Fiery protests in Belfast

A man stands in front of a burning double-decker bus which was hijacked and set alight by loyalists in the Rathcoole Estate, Belfast. REUTERS/Cathal McNaughton
A man stands in front of a burning double-decker bus which was hijacked and set alight by loyalists in the Rathcoole Estate, Belfast. REUTERS/Cathal McNaughton
Hundreds of pro-British youths blocked roads across Belfast and set a double-decker bus on fire in the latest protests against a decision to remove the British flag from Belfast City Hall.

The vote late last year to end a century-old tradition of flying the flag has sparked some of the most sustained street violence in the British-controlled province since a 1998 peace deal ended 30 years of tit-for-tat killings.

Loyalist politicians, who want to maintain a union with Britain, have joined their Nationalist rivals, who want a united Ireland, in condemning the violence.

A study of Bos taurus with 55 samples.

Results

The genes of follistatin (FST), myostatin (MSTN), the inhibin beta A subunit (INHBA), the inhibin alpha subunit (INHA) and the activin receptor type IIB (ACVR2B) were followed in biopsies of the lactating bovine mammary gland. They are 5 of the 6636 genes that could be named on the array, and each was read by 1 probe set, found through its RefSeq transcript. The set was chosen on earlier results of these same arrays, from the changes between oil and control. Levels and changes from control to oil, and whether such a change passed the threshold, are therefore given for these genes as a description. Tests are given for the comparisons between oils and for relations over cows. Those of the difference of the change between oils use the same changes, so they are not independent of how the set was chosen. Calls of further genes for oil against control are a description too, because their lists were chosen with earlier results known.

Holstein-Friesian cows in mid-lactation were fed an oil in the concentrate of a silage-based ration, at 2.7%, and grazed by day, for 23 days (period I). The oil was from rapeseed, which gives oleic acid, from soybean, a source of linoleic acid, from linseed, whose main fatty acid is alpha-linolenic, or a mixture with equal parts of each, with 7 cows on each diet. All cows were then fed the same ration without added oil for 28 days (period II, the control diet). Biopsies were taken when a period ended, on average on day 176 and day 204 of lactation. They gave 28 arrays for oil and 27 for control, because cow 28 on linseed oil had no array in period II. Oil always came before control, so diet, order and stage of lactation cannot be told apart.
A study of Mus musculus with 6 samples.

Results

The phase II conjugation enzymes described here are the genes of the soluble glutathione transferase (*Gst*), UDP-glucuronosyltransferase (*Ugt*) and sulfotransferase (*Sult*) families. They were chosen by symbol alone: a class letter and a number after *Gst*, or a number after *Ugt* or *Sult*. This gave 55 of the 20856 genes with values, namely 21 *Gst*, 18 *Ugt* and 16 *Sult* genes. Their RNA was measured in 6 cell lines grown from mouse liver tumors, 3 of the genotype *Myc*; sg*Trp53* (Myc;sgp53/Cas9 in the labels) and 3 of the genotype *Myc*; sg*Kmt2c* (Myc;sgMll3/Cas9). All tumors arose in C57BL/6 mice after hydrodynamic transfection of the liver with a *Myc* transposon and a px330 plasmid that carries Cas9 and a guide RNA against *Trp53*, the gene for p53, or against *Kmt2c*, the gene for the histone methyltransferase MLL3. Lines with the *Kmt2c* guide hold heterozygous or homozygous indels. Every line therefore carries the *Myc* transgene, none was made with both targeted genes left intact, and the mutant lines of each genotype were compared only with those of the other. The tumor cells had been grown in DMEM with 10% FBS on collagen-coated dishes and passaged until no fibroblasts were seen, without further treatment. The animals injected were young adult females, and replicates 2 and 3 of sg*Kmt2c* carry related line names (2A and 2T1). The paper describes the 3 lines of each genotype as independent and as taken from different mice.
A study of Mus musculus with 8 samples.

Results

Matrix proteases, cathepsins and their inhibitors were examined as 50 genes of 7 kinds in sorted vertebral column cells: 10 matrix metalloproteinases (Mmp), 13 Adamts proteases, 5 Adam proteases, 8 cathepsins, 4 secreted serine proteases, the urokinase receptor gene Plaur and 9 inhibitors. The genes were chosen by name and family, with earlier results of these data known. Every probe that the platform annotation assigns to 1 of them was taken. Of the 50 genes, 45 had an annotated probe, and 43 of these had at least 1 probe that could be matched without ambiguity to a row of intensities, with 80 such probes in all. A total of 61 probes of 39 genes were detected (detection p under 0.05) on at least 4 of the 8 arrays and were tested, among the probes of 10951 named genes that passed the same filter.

But they have been unable to prevent groups of young men draped in British flags from clashing with police on an almost nightly basis.

Police said at least eight roads around the city had been closed by protesters. Over 100 gathered at the Rathcoole estate in north Belfast and set fire to a bus, a Reuters witness said.

Television footage showed dozens of protesters at two other points in the city and at least 200 protesters gathered in the nearby town of Glengormley.

Gormless at Glengormley

Isn't it time to bring in the Brit military? Failing that, the Garda down in Eire could help restore order in Belfast.